The present publication provides an overview of the needs and demands of low income households for savings services (micro level), as well as of savings mobilization from the perspective of a financial institution (meso level) and the regulatory financial authorities in developing and transition countries (macro level). It is conceived as a tool for SDC collaborators and partners as well as for all other person involved in the promotion of savings services by financial institutions.

Much has been written on savings in the context of microfinance. We have utilized some of this documentation, as well as case studies from SDC partners around the world. References to key research and case studies are provided at the end of each chapter for those who wish to further examine specific information.

The first chapter, “Why and how do poor households save?”, offers an overview of low income households’ monetary and in kind saving habits, investment decisions and liquidity management. It emphasizes the diversity of households with respect to motives and forms of savings.

Chapter 2, “Mobilizing monetary savings from low income households: The institutional perspective”, summarizes potentials and risks for the institution providing savings services to its clients and members. It is necessary for the institution to fulfill a certain number of prerequisites before entering into savings mobilization in order to ensure the success of that venture and to avoid losses to poor clients.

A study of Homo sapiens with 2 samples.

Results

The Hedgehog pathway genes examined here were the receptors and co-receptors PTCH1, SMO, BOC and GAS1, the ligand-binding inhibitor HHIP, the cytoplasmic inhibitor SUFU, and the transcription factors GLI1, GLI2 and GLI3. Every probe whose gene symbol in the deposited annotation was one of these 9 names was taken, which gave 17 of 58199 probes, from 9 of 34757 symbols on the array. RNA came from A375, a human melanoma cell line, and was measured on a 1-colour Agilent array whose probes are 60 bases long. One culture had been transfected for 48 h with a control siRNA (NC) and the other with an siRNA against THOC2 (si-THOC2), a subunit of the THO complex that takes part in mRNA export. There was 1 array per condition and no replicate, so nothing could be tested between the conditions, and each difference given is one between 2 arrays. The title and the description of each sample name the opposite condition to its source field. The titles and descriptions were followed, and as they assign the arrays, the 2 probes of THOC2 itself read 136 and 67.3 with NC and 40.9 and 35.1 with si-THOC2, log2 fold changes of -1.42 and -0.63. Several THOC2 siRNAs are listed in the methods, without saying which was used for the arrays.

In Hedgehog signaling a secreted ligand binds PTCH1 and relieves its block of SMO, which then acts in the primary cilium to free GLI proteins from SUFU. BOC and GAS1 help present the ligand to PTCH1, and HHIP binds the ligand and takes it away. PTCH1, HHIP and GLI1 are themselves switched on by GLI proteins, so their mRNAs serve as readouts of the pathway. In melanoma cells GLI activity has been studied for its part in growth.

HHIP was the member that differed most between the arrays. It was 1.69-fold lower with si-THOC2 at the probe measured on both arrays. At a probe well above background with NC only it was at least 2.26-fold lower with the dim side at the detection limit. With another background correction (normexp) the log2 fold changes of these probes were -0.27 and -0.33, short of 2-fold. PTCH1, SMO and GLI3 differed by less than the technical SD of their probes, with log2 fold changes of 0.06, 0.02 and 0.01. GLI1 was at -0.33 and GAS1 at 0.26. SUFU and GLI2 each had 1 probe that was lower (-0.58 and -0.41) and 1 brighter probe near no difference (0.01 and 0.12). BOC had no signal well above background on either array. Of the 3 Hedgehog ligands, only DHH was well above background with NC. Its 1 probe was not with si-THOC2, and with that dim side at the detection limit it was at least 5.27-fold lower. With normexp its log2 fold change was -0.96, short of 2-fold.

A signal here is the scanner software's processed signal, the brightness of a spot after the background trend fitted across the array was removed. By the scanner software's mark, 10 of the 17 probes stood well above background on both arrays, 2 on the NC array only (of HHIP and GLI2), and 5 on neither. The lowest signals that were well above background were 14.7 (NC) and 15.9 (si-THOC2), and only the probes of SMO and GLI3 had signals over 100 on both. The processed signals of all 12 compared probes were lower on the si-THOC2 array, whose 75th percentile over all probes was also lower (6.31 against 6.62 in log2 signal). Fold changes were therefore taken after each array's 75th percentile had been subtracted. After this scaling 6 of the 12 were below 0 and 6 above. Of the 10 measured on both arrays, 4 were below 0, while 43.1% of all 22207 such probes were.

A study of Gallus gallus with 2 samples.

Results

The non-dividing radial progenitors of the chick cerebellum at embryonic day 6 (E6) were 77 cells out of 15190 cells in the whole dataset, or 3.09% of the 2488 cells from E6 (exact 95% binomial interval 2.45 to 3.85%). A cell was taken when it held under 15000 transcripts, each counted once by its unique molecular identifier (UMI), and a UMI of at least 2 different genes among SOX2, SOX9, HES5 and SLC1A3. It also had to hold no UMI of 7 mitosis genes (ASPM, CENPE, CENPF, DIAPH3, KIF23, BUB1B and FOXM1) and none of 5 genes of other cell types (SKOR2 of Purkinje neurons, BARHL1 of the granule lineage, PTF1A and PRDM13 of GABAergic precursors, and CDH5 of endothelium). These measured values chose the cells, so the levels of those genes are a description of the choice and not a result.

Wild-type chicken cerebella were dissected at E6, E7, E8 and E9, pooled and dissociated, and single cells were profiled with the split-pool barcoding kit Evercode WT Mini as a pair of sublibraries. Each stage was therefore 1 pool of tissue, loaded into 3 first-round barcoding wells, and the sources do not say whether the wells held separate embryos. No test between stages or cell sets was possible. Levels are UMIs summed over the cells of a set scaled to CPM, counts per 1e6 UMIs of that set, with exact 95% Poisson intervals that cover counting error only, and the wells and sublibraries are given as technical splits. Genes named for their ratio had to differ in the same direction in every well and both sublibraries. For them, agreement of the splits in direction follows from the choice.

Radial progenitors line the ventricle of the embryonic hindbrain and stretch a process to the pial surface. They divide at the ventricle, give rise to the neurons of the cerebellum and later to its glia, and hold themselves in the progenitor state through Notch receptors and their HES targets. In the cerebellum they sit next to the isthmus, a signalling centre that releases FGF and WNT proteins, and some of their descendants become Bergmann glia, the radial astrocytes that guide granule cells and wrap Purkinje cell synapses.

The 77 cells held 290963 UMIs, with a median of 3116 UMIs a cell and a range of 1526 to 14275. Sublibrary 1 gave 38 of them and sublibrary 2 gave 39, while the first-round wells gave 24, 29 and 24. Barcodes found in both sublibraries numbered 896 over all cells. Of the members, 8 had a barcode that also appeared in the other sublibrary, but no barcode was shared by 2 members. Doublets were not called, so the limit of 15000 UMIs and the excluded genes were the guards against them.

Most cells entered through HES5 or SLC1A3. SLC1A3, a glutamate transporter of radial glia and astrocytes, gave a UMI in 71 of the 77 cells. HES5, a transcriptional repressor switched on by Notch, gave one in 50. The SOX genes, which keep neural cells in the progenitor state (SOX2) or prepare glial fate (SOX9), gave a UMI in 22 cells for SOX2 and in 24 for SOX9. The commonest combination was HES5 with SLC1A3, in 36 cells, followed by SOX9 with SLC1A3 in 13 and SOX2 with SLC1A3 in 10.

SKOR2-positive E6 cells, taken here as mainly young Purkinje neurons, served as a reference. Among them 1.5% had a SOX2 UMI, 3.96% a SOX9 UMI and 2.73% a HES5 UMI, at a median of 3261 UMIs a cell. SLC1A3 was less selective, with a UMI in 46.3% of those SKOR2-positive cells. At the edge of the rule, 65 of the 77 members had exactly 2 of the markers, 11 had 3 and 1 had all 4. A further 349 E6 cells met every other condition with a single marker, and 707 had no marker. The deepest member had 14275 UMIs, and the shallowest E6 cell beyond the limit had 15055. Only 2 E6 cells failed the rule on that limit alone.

In chapter 3, “Product development, diversification and innovation”, the reader will become acquainted with microfinance institutions that already offer savings services in different countries, and get an overview of the broad diversity of possible savings accounts. The chapter enhances the need to analyze the potential demand and the existing offer from competitors before designing and implementing the new service. Proceeding in a cautious, professional and informed way will increase the chances of success.

The last chapter, “Legal and economic framework for savings mobilization”, presents important aspects related to macroeconomic conditions and the regulatory framework in which savings mobilization takes place. Some key questions should be asked before designing a regulatory framework that allows microfinance institutions to mobilize voluntary savings from their clients. Are there macroeconomic situations where saving mobilization should not be promoted? Which legal and regulatory framework is adapted to the microfinance sector of the country ? What alternatives are available to protect clients’ savings?